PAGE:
The Younger You Learn this Lesson, the Better Life will be.

How to sidestep other people's toxic anger.


Melinda Miles-Lindberg

2 years ago | 4 min read

When my sister and I were children we spent many hours sitting in the back of our mother’s 1972 Grand Prix. We whiled away the hour-long trip from our home in the countryside to the city of Spokane. We made up many games.

The car was a zippy red. Our mom drove like Mario Andretti in heels. She enraged many other drivers. My sister created one of our games in response to these men that would become angry at our mom.

“Let’s wave and smile at them when they get mad! It’ll make them even madder.”

In little time our mother allowed us to test our theory. Another driver shook his fist at our car. Like cherubs, we smiled and waved. The driver smiled back at us.

It didn’t work.

Within minutes another opportunity arose. As a man honked and screamed at our mother for cutting him off in a 17-foot long, 8-cylinder beast, we smiled and waved at him.

Glumly, a small smile emerged on his lips. It was more of a smirk. Either way, he quit his rant.

Fast forward years later when I took my first legal job in the city of Dallas. Despite what I view as my superior driving ability I too angered many a male competitor. That is, we were competing for a piece of the road in the congested byways of a metropolis.

At that moment, I fondly remembered our family trips to Spokane and my sister’s game of smiling and waving at our mother’s angry competitors.

I decided to play. But instead of waving and smiling in hopes of escalating the ire of the other drivers, I decided to see if my smile and wave would soften the other driver’s reaction. 

This time, I softened the ingratiating smiles and furious waves. Instead, if I felt at fault somehow for a minor traffic faux pas, I waved as if to say “mea culpa. I’m sorry I was in the wrong.”

 Telepathically I added, “please, don’t let my misstep ruin your day.”

If I felt the other driver was at fault I changed my reaction to a wave that signaled “it’s okay. Don’t let your little blunder ruin your day. I won’t let it ruin mine.”

My sister hadn’t intended to invent a spiritual philosophy that over 45 years later I still use as a touchstone. But it works. Despite her intentions to further anger the miscreant, she taught me to let go of the actions of others.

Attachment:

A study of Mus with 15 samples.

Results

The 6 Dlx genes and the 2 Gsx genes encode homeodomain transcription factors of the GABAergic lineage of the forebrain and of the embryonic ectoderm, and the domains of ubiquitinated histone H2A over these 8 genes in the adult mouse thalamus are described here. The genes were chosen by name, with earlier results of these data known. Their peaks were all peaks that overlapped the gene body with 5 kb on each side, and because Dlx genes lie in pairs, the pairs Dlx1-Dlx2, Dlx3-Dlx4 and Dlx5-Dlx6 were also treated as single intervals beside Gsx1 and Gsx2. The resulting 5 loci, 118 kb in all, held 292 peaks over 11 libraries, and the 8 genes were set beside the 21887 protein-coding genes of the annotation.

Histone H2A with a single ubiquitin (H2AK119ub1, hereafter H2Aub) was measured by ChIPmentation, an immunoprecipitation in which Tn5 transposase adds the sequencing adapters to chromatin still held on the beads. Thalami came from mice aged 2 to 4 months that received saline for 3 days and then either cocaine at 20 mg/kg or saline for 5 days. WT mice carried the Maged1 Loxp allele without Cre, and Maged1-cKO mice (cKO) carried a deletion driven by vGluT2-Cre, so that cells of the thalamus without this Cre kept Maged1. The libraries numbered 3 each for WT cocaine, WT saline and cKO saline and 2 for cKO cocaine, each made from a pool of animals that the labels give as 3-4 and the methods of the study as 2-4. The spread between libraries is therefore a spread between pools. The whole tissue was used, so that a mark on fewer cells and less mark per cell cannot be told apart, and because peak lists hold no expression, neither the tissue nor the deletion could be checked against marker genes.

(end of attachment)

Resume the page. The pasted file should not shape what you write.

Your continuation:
One misstep needn’t ruin your day.

There are only two certainties in life. Taxes and death. We’ve all heard that mantra before.

It’s untrue.

There’s a third certainty. Someone will do something today that will upset you. At least once a week someone will do something that will anger you. At least once a month someone will do something that will infuriate you. The possibilities are endless:

  • They will leave a toxic comment to you on social media.
  • They will zip a two-ton red flash of steel in front of you on the highway.
  • They will slyly lob a backhanded compliment to you.

None of that is within your control. But what you can control is your response to it. You have a choice. You can choose to take in the other person’s emotional vomit or you can choose to deflect it.

You can respond in kind. You can escalate the situation resulting in embarrassment, humiliation, or even violence.

Or, you can smile and wave.

The decision to do the latter should be easy. Although we both know that it’s not. To guide you in the right direction ask yourself these three easy questions:

  1. Will a negative reaction in any way help the situation?

2. Is this incident even worth me giving it more mental energy weighing the pros and cons of a negative reaction?

3. Is giving this issue more mental energy how I want the rest of my day to go?

When the person who made you so angry is not a stranger but instead a personal friend, family member, or lover, there’s one more question you need to ask yourself.

4. Is there something else going on between the two of us of which I’m unaware?

If there is nothing, remind yourself that you too make mistakes. You as well can overreact to a minor incident. We all have our quirks. Give your loved one a pass.

And remember one of my favorite life lessons:

It’s not about you.

It usually isn’t.

A loved one didn’t verbally attack you leaving you feeling cold and vulnerable just because you ate the last piece of banana bread. A stranger didn’t scream uncontrollably at you through his closed windows because you accidentally cut him off. There’s more to the story. Their story. And you need to choose whether you spend more time thinking about it.

It’s not about you.

If that isn’t enough to make you choose to smile and wave off someone else’s toxicity, consider this. A study has shown that the average person needs almost 30 minutes to get back to the task at hand once distracted.

The distraction itself may be short-lived. But the time to get your head back in the game takes thousands of moments more. Thousands of moments were lost. 

They add up.

Minute By minute.

Hour by hour.

Day by day.

So the next time you feel the need to lash back at someone who chose you as the repository of their emotional vomit, step aside. Let their vomit land somewhere else. And give them a smile and a wave. If they’re lucky your kindness will reset their day.

Whether or not it does is not something that you can control.

What you can do is let that smile and a wave be your signal, become your habit, and get back to your own bright new day. 

If you like what you read here, please buy me a “ko-fi” by clicking here: Yum, thanks!


Created by

Melinda Miles-Lindberg

At the end of the day, what do you want your obituary to say? It's not too late to change it.